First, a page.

When we returned from winter vacation, many of my coworkers asked me where I went. They seemed to be expecting exotic adventures, or a trip back home over Christmas. I seemed to have surprised everyone with my response.
“Alice-sensei, where did you go over the holiday?”
“Nowhere. We bought a kotatsu!”
“Ehhh? You are so Japanese!”
(On a related note, it really amuses me when people say ‘You are so Japanese’. Not ‘your Japanese is so good,’ or ‘you understand Japan,’ but ‘You are so Japanese.’ It used to bother me at first, it didn’t sit right with complicated notions of identity and other overinflated silliness, but now it’s my favorite compliment. Does anyone else get told they are so Japanese? I’m sure it must be common, but it does make me feel a little special every time.)
So, this winter holiday we bought a kotatsu, and it has been amazing. A kotatsu is a low table that looks like a coffee table, but is so much more. There is a heater built into the top, and the top lifts off so that you can easily put a large blanket or futon (though it’s much closer to a comforter than a futon you would find in America or Europe.) You then sit on the ground, put the blanket over your lap, and are enveloped in the cozy warmth of Japanese happiness.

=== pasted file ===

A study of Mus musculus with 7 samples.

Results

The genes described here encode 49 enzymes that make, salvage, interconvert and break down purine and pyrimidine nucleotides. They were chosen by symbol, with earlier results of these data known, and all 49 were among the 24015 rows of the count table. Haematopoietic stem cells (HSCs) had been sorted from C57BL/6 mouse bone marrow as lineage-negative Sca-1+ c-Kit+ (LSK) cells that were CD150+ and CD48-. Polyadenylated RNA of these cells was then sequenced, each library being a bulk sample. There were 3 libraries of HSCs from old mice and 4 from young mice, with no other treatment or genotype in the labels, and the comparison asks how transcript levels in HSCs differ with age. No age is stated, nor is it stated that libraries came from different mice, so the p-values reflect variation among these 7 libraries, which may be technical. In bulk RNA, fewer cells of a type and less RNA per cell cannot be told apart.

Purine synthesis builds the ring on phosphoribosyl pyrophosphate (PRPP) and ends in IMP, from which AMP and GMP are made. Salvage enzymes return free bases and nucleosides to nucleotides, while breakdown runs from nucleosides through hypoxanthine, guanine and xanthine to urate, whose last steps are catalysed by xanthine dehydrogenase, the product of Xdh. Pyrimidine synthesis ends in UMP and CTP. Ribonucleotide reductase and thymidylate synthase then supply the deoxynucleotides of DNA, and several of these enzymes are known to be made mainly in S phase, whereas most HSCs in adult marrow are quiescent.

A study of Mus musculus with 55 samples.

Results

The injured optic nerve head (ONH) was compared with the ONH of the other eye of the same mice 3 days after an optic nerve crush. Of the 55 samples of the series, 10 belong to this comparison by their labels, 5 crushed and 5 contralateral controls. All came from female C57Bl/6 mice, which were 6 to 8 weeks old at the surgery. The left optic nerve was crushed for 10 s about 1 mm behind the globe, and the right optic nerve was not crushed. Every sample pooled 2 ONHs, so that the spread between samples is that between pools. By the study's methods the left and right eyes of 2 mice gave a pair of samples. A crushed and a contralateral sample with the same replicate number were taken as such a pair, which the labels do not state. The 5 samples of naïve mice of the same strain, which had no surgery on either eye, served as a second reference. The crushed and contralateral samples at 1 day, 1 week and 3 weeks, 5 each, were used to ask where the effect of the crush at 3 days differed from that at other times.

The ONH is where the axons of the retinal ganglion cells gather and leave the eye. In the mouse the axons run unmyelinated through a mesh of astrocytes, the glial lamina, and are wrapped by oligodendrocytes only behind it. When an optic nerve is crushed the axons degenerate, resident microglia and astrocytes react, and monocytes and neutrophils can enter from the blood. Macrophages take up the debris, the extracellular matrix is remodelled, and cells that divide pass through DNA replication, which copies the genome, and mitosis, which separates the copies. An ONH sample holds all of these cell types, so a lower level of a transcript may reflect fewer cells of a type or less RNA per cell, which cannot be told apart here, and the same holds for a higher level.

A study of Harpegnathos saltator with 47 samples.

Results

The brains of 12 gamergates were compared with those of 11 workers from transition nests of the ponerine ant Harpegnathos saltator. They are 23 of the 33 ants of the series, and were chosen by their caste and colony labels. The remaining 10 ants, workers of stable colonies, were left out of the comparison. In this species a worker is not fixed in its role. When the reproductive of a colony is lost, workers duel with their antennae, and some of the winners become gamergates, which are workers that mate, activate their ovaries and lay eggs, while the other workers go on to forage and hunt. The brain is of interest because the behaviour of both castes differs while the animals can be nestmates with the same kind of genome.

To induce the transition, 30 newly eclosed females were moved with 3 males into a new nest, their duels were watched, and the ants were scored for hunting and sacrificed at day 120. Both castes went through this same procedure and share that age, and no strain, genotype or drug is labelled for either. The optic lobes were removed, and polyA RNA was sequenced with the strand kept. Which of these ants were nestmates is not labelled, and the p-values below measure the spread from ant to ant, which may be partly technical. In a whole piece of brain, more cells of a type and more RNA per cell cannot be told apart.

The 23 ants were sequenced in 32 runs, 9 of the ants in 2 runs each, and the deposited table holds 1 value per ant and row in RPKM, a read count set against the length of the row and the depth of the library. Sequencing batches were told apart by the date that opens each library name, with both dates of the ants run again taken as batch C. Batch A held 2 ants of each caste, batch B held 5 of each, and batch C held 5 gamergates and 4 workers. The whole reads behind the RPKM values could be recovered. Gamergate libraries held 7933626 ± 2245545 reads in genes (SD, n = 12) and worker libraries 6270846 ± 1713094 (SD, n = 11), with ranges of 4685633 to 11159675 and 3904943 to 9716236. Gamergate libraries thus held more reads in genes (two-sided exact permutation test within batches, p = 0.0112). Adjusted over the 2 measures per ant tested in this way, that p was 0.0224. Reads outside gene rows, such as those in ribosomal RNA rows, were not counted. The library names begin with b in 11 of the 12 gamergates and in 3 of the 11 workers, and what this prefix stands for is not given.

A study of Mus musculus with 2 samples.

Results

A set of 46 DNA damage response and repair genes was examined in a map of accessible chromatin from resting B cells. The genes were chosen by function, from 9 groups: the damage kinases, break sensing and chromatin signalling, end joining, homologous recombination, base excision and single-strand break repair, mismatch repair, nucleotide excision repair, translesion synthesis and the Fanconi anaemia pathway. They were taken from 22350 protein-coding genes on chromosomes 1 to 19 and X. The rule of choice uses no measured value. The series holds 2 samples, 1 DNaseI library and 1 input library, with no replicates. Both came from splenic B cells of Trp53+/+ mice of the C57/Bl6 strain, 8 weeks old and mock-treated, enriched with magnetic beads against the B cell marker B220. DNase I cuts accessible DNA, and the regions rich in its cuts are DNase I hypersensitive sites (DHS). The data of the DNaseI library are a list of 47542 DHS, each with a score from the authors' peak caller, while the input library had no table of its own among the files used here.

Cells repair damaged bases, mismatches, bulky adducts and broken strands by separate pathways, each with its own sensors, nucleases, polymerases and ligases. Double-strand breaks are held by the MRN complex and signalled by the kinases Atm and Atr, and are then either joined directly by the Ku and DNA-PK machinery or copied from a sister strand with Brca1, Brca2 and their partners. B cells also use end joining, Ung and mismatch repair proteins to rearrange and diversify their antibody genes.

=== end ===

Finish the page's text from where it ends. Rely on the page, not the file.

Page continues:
When writing their “What I did over Winter Vacation” essays, countless of my students included hiding under the kotatsu (runners up included “Ate cake” and “Did homework” and many combined all three!) It is a solid part of the Japanese image of “winter.” Nothing says “winter” to a Japanese person like snuggling under the kotatsu and spending time with loved ones, whiling away the hours eating, drinking, reading, watching tv, and enjoying one another’s company.
We picked our table up from an “Eco” store (read: second hand) and our futon set from a mid-season sale. The chairs were hand-me downs, and sadly we don’t have a kitty hiding under the blanket (another part of the Japanese image of a kotatsu), but we’re otherwise set. We’ve since spent many happy hours, cozy and warm.
The Japanese don’t go in much for insulation, and our apartment is usually cold enough that you can see your breath, but I haven’t felt cold since we got our kotatsu. Except when we have to get out of it!